Next week, on April 26, copper miner Freeport-McMoRan (NYSE:FCX) will release its results for the first quarter of 2016. The expectations from Freeport are not that great, with analysts expecting the company to report a loss of $0.18 per share on revenue of $3.51 billion for the quarter. This means its losses are expected to triple, while the revenue is expected to slump 15%. But in my opinion, Freeport will exceed expectations on the bottom line due to the fact that it is reducing its unit costs aggressively across the business. Let's take a look.
Impressive cost cuts could help Freeport beat the bottom line
Freeport-McMoRan expects its unit cash costs for each pound of copper to drop by 11% in North America, 14% in South America, and approximately 84% in Indonesia. As a result of these cost reductions, the company believes that it can achieve a cut of 28% in consolidated unit cash costs for 2016, as shown in the chart below.
More importantly, Freeport is targeting a near-term reduction of 30% in G&A costs, which will allow it to further improve its bottom line performance. Moreover, it has lowered its capital expenditure by 46% to $3.4 billion in 2016, and by another 32% for next year.
The most important thing is that despite this significant reduction in unit cash costs and capital budgets, Freeport expects its sales of copper, gold, and oil & gas to increase remarkably in 2016. For example, the company expects its copper sales to rise 24%, gold sales to increase 44%, and oil & gas sales to jump around 10%. This is shown in the chart given below:
Hence, it is evident that Freeport has managed to improve operating efficiency, which is why the company has been able to bring down its costs and increase production simultaneously. More importantly, as a result of its focus on improving operational efficiency, Freeport will benefit from a rise in copper prices in the long run, which are set to get better due to higher demand and low supply.
Production cuts should support copper prices
Slower growth in China and a stronger U.S. dollar had weighed heavily on copper prices earlier this year, but the situation has improved of late. The recovery in copper prices can be attributed to the fact that most producers in China and across the world have cut their copper production in 2016. The primary reason behind this cut in production was the weakness in copper prices earlier, as producers were going cash flow-negative at a copper price below $2.00 per pound.
For instance, nine large copper smelters in China have agreed to cut sales of the spot metal by as much as 200,000 tonnes in the first quarter of 2016 to counter the low prices. In fact, this reduction equals to almost 10% of the total refined copper production China delivered in the first quarter of last year. These nine smelters delivered approximately 60% of the country's total refined copper production in the first ten months of 2015, so capacity cuts at these smelters will go a long way in sustaining the copper price rally.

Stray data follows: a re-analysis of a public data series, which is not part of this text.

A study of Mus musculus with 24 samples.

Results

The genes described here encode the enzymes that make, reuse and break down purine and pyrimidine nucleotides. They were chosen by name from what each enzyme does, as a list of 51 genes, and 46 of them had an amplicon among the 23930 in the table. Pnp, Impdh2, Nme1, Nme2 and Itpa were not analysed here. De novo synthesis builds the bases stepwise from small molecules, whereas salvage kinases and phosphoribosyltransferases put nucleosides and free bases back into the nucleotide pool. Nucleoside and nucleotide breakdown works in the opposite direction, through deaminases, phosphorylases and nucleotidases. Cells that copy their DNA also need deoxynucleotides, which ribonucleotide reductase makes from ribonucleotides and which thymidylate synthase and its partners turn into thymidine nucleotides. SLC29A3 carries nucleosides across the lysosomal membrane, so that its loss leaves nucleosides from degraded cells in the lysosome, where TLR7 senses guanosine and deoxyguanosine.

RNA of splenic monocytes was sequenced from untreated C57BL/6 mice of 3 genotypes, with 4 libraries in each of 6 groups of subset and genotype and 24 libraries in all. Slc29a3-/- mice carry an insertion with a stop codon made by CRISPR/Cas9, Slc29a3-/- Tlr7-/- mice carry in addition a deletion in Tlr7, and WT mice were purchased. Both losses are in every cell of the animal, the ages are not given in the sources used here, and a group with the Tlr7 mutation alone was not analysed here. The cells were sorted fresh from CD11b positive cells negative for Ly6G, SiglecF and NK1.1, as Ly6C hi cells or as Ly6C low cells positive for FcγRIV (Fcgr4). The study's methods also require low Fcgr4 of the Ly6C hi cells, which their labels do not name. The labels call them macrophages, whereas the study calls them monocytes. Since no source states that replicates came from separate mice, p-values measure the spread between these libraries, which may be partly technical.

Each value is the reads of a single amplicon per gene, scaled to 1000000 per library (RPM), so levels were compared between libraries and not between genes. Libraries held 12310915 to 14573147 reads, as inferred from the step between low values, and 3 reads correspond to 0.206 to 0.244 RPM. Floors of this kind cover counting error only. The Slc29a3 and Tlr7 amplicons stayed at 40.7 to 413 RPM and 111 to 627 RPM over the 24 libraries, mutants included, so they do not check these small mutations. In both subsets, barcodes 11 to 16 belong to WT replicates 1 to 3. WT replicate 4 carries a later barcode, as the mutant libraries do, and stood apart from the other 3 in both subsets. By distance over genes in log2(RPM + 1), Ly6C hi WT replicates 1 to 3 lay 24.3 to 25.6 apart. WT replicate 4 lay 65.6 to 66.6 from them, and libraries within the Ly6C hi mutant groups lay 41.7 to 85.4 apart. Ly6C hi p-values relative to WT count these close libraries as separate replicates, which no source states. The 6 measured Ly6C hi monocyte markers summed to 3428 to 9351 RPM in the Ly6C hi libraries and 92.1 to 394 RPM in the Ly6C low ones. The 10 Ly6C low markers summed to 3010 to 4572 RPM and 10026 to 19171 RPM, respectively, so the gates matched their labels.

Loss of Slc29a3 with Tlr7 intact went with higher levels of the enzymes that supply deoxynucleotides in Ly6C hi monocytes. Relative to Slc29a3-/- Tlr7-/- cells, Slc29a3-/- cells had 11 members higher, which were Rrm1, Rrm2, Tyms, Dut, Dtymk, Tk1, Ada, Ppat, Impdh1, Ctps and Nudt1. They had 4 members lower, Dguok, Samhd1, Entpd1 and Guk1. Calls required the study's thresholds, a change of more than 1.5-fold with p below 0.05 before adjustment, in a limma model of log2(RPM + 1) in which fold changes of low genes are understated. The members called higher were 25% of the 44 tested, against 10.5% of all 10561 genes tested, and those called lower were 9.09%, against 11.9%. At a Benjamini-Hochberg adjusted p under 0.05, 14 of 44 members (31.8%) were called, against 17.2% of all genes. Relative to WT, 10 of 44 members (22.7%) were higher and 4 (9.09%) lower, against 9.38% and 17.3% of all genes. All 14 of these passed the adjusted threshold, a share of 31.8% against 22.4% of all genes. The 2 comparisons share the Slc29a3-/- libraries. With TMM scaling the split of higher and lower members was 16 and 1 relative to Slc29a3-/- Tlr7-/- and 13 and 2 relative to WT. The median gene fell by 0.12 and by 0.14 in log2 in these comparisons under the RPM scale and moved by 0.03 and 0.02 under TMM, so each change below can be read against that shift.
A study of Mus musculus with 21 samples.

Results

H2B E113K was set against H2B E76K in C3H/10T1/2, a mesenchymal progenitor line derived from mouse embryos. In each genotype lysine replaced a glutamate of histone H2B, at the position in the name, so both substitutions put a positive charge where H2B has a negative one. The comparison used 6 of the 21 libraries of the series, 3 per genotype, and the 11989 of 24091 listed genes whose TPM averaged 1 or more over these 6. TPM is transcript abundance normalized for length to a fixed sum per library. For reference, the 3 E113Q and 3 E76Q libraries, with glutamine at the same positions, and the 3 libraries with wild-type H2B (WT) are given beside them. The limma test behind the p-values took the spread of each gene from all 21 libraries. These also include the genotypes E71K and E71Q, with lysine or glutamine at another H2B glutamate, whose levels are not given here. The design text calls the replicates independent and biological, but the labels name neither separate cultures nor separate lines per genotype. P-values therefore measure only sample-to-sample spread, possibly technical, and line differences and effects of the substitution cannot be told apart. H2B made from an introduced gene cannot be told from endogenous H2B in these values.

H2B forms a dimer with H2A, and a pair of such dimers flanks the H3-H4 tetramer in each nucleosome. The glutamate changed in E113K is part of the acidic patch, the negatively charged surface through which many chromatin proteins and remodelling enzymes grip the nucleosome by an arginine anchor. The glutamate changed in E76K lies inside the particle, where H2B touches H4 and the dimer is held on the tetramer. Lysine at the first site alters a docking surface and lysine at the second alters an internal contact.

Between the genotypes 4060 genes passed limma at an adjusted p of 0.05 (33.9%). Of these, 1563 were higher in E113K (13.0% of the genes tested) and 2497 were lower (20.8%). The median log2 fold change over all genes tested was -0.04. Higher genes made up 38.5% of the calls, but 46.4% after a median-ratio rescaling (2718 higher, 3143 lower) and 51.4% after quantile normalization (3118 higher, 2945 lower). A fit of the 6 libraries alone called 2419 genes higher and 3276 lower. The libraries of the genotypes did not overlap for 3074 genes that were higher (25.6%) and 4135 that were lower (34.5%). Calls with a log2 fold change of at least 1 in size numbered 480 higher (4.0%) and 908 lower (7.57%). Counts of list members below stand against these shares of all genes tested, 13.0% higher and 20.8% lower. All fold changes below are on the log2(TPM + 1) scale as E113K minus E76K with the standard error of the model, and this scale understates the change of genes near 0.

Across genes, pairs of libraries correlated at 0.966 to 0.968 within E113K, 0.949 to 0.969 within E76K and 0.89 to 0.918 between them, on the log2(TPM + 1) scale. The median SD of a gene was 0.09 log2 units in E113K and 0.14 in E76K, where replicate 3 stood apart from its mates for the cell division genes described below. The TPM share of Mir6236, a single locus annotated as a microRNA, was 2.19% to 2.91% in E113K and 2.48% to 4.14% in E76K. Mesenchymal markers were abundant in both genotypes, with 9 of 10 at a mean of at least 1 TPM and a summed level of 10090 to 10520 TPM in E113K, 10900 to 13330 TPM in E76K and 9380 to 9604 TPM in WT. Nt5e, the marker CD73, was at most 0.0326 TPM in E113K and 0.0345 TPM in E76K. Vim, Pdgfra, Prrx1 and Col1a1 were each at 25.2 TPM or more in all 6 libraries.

More importantly, these smelters have agreed to additionally limit their spot sales by 350,000 tonnes in 2017 in an effort to support prices that had plunged recently to their lowest in more than six years. These copper smelters were pressurized to cut their spot metal sales due to fact that they were selling the metal at a price which was lower than their cost. As a result of these production cuts in China, the price of copper has significantly improved this year, as shown in the chart below.
Improving demand will be another tailwind
Meanwhile, the demand for copper is continuously rising on the back of the metal's application in different uses. One such application is in electric cars that are expected to drive copper demand in a big way going forward.
According to Patricia Mohr, economist at Scotiabank, "Beijing has also renewed the 'home appliance subsidy scheme' and is promoting electric cars, which are twice as copper-intensive as conventional vehicles."
Hence, higher production of electric vehicles in China will drive copper demand going forward, as these cars use twice the amount of copper as traditional cars, owing to the electric motor and other related wiring components. Now, according to a forecast by the IEA, the country's EV sales will hit the 1-million unit mark by the end of the decade. In comparison, EV sales in China were around 331,000 units last year, which means the market for EVs has a lot of room for growth in the country, and this will be a growth driver for demand.
All in all, there are a number of positives about Freeport-McMoRan that investors should not ignore. Though the company is expected to post a weak earnings performance in the upcoming quarterly results, a combination of low costs and improving copper prices could help it beat the forecast. Moreover, the prospects of Freeport look strong from a long-term viewpoint due to the improving potential of the copper market, which is another reason to remain invested in the stock.
Disclosure: I/we have no positions in any stocks mentioned, and no plans to initiate any positions within the next 72 hours.
I wrote this article myself, and it expresses my own opinions. I am not receiving compensation for it (other than from Seeking Alpha). I have no business relationship with any company whose stock is mentioned in this article.